OGLETHORPE, Lewis (1681-1704), of Westbrook Place, Godalming, Surr.

Published in The History of Parliament: the House of Commons 1690-1715, ed. D. Hayton, E. Cruickshanks, S. Handley, 2002
Available from Boydell and Brewer



10 Nov. 1702 - 30 Oct. 1704

Family and Education

bap. 22 Feb. 1681, 1st s. of Sir Theophilus Oglethorpe*; bro. of Theophilus* and James Edward†.  educ. M. Temple 1698; Corpus Christi, Oxf. 1699. unmsuc. fa. 1702.1

Offices Held

Equerry to Queen Anne July 1702–d.; a.d.c. to Duke of Marlborough (John Churchill†) Apr. 1704–d.


Described by the diarist John Evelyn as a ‘pretty young gentleman’, Oglethorpe achieved swift advancement at court, and to a deputy-lieutenancy for his county, despite his family’s well-publicized Jacobite connexions. However, having barely attained his majority, he found much controversy in the wake of his candidacy at the Haslemere election of July 1702. A rival candidate, James Tichborne, cast sufficient doubts over Oglethorpe’s age at the poll for the Haslemere bailiff to issue a double return, thereby prohibiting Oglethorpe from taking his seat at the opening of Parliament. Oglethorpe petitioned the House on 24 Oct. and only four days later his formidable mother visited Sir Humphrey Mackworth* to enlist support for her son’s cause. On 10 Nov., after four witnesses had testified that Lewis had been born in February 1681, the elections committee concluded in favour of Oglethorpe and George Vernon II*, a verdict in which the House concurred without a division. Though by no means an active Member, Oglethorpe served as teller when the House divided on a procedural question on 14 Dec. A few weeks later, however, on 9 Jan. 1703, an angry exchange between himself and the pre-eminent Surrey Whig, Sir Richard Onslow, 3rd Bt.*, resulted in a duel between them in Hyde Park in which Oglethorpe was slightly wounded and disarmed.2

Having made no significant impact during the second session of the 1702 Parliament, Oglethorpe accompanied the Duke of Marlborough to Holland as an aide-de-camp in April 1704, no doubt keen to emulate his father’s military exploits. Although described as ‘of a martial genius and spurred on with the desire for glory’, Oglethorpe met with misfortune almost immediately, receiving a wound in the thigh during the battle of Schellenberg in late June. By early September his mother was already ‘prepared for the worst’ while anxiously awaiting news of his progress, and a few weeks later Marlborough himself was pessimistic of Oglethorpe’s chances of survival. A contemporary explained his deteriorating condition: ‘either by the unskilfulness of his surgeon or his own perverseness in resisting his methods, or tampering with too many pretenders for a cure, his wound festered and threw him into a fever and killed him’. After Oglethorpe’s death at The Hague on 30 Oct. 1704, his body was sent back to England via Rotterdam, and was laid to rest next to his father’s at St. James’s, Westminster. Thomas Pitt I* comforted a grieving Lady Oglethorpe with the observation that Lewis, ‘in all probability, would have been a great comfort and an honour to your family’, a promise that was much more effectively fulfilled in both political and military spheres by his youngest brother, James Edward Oglethorpe†.3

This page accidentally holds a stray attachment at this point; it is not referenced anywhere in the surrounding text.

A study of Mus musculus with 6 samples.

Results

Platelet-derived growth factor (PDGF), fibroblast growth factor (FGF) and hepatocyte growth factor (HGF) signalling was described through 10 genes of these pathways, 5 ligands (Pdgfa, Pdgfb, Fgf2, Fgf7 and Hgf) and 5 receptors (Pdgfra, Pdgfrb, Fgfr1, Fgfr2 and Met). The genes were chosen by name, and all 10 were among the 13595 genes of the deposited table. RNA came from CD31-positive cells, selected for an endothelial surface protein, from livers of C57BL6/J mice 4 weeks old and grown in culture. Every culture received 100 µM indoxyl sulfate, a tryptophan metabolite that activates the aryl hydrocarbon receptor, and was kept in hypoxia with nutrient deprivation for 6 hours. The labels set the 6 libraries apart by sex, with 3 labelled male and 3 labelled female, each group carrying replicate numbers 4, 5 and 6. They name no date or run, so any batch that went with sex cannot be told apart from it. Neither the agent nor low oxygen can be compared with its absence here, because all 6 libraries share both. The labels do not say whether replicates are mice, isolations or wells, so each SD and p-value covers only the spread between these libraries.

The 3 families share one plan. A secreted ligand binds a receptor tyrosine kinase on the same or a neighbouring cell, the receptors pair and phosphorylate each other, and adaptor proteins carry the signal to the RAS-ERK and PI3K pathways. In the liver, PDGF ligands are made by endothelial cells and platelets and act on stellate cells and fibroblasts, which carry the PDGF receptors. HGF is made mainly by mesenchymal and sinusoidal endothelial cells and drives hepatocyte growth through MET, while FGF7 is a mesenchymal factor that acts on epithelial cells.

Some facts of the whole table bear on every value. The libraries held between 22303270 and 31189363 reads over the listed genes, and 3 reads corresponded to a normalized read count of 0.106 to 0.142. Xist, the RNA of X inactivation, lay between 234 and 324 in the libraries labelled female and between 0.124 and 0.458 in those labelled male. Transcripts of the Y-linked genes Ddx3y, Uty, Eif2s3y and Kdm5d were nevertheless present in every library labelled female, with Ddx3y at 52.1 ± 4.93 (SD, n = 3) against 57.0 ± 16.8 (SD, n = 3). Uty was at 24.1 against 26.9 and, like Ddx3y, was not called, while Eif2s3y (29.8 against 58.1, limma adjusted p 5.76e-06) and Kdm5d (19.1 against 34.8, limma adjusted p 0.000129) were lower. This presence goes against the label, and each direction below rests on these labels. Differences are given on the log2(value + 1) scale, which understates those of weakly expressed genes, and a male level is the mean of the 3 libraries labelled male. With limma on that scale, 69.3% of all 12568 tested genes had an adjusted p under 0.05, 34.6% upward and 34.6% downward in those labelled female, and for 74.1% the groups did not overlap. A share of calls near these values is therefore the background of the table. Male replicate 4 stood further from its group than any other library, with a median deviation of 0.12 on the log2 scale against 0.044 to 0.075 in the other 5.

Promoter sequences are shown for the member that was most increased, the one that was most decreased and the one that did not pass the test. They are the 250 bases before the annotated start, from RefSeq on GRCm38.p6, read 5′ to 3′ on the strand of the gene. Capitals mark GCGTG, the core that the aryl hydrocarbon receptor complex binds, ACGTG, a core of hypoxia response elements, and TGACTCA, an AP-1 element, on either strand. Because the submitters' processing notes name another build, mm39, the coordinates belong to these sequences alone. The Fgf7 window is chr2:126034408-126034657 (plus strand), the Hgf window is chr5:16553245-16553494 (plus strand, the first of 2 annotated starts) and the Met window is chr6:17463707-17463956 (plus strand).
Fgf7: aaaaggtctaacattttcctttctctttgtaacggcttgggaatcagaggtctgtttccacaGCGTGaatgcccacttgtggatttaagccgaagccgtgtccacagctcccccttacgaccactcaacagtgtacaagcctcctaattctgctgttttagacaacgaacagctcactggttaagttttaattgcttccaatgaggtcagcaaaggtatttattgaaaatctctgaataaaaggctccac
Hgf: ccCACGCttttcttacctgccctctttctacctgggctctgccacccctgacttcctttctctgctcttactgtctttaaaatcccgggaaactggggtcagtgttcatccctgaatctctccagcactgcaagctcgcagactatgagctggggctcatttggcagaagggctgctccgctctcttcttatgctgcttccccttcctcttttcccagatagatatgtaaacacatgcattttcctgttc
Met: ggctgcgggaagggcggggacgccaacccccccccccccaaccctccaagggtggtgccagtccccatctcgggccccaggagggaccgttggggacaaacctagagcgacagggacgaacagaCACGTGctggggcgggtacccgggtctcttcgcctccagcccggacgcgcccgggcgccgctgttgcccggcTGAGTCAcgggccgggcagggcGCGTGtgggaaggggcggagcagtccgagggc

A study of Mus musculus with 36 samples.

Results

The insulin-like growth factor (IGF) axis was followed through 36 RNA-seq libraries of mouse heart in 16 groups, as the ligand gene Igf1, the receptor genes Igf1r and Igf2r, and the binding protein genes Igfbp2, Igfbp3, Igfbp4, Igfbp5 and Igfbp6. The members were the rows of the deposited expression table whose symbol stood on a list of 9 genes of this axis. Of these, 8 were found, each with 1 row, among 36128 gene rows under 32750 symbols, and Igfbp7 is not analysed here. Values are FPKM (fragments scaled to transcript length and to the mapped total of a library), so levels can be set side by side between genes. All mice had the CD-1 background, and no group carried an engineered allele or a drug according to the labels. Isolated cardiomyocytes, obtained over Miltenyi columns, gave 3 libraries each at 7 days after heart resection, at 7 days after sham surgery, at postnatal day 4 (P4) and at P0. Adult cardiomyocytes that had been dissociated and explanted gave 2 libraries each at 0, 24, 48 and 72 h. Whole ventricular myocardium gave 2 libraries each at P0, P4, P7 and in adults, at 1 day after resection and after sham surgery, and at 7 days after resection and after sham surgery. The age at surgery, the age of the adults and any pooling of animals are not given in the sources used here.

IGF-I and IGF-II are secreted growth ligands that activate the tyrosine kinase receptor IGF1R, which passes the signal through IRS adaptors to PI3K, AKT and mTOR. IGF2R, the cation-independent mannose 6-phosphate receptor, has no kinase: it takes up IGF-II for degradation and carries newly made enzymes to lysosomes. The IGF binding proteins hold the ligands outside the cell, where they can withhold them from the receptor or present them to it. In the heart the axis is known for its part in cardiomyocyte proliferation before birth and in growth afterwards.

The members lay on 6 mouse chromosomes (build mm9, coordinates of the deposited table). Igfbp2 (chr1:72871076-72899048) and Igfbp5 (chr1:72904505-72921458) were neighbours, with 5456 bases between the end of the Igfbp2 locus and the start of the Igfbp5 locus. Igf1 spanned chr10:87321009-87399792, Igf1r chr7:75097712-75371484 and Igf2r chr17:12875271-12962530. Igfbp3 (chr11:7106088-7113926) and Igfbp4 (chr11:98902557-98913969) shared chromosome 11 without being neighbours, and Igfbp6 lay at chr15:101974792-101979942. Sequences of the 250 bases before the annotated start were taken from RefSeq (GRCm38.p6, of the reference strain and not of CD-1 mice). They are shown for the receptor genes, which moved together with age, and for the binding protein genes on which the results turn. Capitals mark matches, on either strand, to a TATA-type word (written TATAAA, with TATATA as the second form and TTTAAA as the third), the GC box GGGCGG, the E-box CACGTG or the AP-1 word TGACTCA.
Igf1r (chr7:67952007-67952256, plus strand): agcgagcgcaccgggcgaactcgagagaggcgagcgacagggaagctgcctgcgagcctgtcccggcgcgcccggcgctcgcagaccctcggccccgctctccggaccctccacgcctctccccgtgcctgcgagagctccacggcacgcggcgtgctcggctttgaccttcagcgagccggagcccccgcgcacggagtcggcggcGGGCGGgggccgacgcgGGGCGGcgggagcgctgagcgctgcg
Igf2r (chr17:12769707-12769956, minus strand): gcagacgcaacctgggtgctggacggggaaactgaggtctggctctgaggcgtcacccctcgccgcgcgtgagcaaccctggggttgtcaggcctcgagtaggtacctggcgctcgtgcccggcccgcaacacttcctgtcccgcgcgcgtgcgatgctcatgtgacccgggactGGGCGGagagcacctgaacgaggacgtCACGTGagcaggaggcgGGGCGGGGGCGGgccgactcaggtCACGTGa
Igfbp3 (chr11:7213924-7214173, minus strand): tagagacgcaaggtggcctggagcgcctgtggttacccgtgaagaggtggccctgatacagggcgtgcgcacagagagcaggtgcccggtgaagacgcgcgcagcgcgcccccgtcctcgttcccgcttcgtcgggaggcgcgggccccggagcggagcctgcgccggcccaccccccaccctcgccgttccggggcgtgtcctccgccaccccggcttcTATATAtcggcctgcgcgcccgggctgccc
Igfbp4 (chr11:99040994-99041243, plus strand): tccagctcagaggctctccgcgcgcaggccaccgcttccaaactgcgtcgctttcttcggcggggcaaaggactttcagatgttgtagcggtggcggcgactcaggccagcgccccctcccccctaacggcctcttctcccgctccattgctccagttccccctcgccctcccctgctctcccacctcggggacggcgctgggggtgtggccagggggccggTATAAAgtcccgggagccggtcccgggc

Ref Volumes: 1690-1715

Authors: Eveline Cruickshanks / Perry Gauci


  • 1. IGI, London; Manning and Bray, Surr. i. 614; Clay, Dugdale’s Vis. Yorks. ii. 300.
  • 2. Evelyn Diary, v. 527; CSP Dom. 1702–3, p. 393; Luttrell, Brief Relation, v. 256, 410; NLW, MS 14362E, Mackworth Diary, 28 Oct. 1702; Add. 70075, Dyer’s newsletter 9 Jan. 1703.
  • 3. Add. 22844, ff. 11–12; 27440, f. 145; 28892, f. 282; 17677 ZZ, f. 470; Marlborough–Godolphin Corresp. 374; Manning and Bray, 610.